IBM Feb. 4 said it has upgraded its free Lotus Symphony productivity suite, adding several features that make its word processing, spreadsheet and presentation applications work with Microsoft documents.
The entire code for Lotus Symphony 3 has been rebased on the current OpenOffice.org 3 code stream, which has enabled IBM's programmers to add several capabilities, Jeanette Barlow, product manager for IBM Lotus Symphony, told eWEEK.
For example, Lotus Symphony 3 spreadsheet includes support for Microsoft Visual Basic Macros, allowing users to take business applications they create in Excel, Word or PowerPoint and access them in Symphony. Specifically, a user can take a spreadsheet they created in Excel and open it in the Lotus Symphony 3 spreadsheet without losing data modeling attributes from the original app.
The Lotus Symphony 3 documents app supports Open Document Format 1.2, so that users can access Microsoft Word 2007 documents in the Symphony word processing environment.
"Before, you could open a [Microsoft] .docx file, but in Symphony 3 there is now redline support, so we can collaboratively author or mark up a contract that might be in that format," Barlow said. There is also nested tables, multipage view layout and better PDF export options.
Users will also be able to now embed audio and video inside Symphony's presentation slides; previously, users had to embed a link to launch a media player. Now they can put the media right into their slides without redirecting elsewhere. Presentations also now include expanded slide transition options and new custom animations.
More than 12 million users worldwide have adopted Lotus Symphony, which supports more than 28 languages, since IBM first launched it to public beta in September 2007 as a free alternative to Microsoft's successful Office productivity suite.
However, it failed to budge Office's share of 500 million seats. Instead, Symphony has acquired a more potent rival in hosted platforms delivered via the Web, such as Google Docs. This is part of Google Apps, which is used by more than 2 million businesses.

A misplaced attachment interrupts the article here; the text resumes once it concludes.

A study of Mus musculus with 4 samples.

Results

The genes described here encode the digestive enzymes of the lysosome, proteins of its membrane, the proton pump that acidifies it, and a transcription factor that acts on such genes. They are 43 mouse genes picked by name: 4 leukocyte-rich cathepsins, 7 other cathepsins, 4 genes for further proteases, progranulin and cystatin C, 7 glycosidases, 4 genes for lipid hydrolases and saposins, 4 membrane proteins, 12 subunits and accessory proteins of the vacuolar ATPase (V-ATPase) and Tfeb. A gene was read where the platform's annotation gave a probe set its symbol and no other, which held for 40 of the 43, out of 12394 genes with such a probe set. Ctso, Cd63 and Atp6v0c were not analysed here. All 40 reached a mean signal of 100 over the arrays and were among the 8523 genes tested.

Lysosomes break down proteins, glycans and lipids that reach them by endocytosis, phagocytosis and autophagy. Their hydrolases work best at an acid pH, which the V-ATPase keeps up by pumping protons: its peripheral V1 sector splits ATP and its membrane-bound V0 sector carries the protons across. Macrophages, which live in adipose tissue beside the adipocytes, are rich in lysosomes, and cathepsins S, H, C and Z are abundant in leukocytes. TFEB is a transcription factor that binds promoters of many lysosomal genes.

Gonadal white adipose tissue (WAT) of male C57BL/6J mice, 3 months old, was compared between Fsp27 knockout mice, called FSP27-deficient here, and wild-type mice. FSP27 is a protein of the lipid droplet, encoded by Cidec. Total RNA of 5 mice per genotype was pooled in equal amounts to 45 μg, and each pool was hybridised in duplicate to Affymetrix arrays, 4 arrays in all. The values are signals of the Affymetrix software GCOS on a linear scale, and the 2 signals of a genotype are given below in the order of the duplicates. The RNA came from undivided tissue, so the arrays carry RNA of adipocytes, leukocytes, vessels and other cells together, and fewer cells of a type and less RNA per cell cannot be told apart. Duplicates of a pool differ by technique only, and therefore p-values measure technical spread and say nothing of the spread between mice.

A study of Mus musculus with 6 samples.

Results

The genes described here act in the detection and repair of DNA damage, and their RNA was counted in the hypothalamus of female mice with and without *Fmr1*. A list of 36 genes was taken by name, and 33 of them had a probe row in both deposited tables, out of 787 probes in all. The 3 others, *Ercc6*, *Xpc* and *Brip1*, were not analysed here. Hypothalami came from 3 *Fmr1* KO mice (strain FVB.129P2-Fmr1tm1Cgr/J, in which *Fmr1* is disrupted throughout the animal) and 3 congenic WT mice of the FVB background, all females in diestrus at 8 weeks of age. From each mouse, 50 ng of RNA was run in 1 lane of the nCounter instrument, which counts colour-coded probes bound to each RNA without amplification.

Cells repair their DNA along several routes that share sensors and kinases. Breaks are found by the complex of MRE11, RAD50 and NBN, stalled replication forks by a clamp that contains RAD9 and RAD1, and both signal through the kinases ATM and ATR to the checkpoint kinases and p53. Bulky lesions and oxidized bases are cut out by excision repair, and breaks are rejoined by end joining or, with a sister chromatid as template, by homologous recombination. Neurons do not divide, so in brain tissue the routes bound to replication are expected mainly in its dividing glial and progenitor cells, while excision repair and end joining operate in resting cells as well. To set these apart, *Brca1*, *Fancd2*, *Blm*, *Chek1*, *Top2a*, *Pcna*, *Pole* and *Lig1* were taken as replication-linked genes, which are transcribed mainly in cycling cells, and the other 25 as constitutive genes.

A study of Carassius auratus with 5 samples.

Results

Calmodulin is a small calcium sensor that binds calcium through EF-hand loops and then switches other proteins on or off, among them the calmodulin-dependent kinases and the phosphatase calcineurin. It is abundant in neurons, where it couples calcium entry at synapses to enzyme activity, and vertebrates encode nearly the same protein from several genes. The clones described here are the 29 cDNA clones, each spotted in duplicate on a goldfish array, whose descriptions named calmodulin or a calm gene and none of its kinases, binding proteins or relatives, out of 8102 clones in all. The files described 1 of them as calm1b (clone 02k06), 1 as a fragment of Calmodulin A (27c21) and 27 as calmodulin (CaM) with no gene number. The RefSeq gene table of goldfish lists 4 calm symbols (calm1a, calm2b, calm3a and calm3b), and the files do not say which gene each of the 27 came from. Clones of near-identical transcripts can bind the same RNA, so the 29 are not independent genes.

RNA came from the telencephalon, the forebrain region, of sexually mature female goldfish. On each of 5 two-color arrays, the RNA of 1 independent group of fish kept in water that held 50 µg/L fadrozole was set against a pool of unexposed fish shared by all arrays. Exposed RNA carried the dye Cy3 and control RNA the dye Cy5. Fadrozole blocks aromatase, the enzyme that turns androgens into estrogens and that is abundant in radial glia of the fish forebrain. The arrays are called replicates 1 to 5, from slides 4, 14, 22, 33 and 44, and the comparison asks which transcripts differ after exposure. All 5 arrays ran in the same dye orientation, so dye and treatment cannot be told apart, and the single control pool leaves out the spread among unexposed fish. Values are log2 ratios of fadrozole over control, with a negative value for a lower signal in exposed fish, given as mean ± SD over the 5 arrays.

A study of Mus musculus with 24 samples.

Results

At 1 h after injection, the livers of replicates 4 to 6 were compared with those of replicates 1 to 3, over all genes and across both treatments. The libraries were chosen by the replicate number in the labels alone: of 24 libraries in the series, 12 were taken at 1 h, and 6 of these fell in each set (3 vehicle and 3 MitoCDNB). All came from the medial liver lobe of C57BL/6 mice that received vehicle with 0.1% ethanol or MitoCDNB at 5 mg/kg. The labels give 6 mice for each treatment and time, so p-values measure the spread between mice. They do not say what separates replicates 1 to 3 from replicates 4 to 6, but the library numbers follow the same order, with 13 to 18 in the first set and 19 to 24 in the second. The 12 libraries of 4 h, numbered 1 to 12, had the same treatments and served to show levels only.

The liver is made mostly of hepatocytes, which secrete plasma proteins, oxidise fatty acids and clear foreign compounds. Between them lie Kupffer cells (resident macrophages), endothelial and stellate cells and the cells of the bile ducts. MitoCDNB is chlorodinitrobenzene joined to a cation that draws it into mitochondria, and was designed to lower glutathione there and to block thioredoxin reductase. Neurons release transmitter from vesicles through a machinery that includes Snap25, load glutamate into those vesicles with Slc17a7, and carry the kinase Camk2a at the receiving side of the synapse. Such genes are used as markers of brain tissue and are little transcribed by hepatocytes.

Barlow told eWEEK she and her team are working to build the Web-based version of Symphony under the Project Concord banner. Announced at Lotusphere 2010 and available in IBM's LotusLive Labs later this year, Concord will initially allow Web-based editing for documents and proceed to Web-based spreadsheets and presentations.
"Browser-based solutions are not necessarily the right choice for some use cases," Barlow said. "If you're doing a 10,000 row spreadsheet, you probably don't want those calculations executing in a browser, or a 250-page complex document with indices and footnotes. There are use cases where a rich client is going to be more appropriate."
However, Concord acknowledges there are use cases where a Web model is the right way to go, such as live documents where content may change, or collaboration sessions that are time-sensitive. "All use cases are potentially going to need to coexist."
Barlow said IBM expects to let users create a document in Symphony, upload it to the LotusLive cloud collaboration environment with a single click and enable users to edit and comment on that document through Concord.
Eventually, this capability will be part of IBM's future Project Vulcan collaboration platform, which adds business intelligence and social networking to the LotusLive collaboration environment. See the demo with IBM Lotus CTO Charlie Hill here.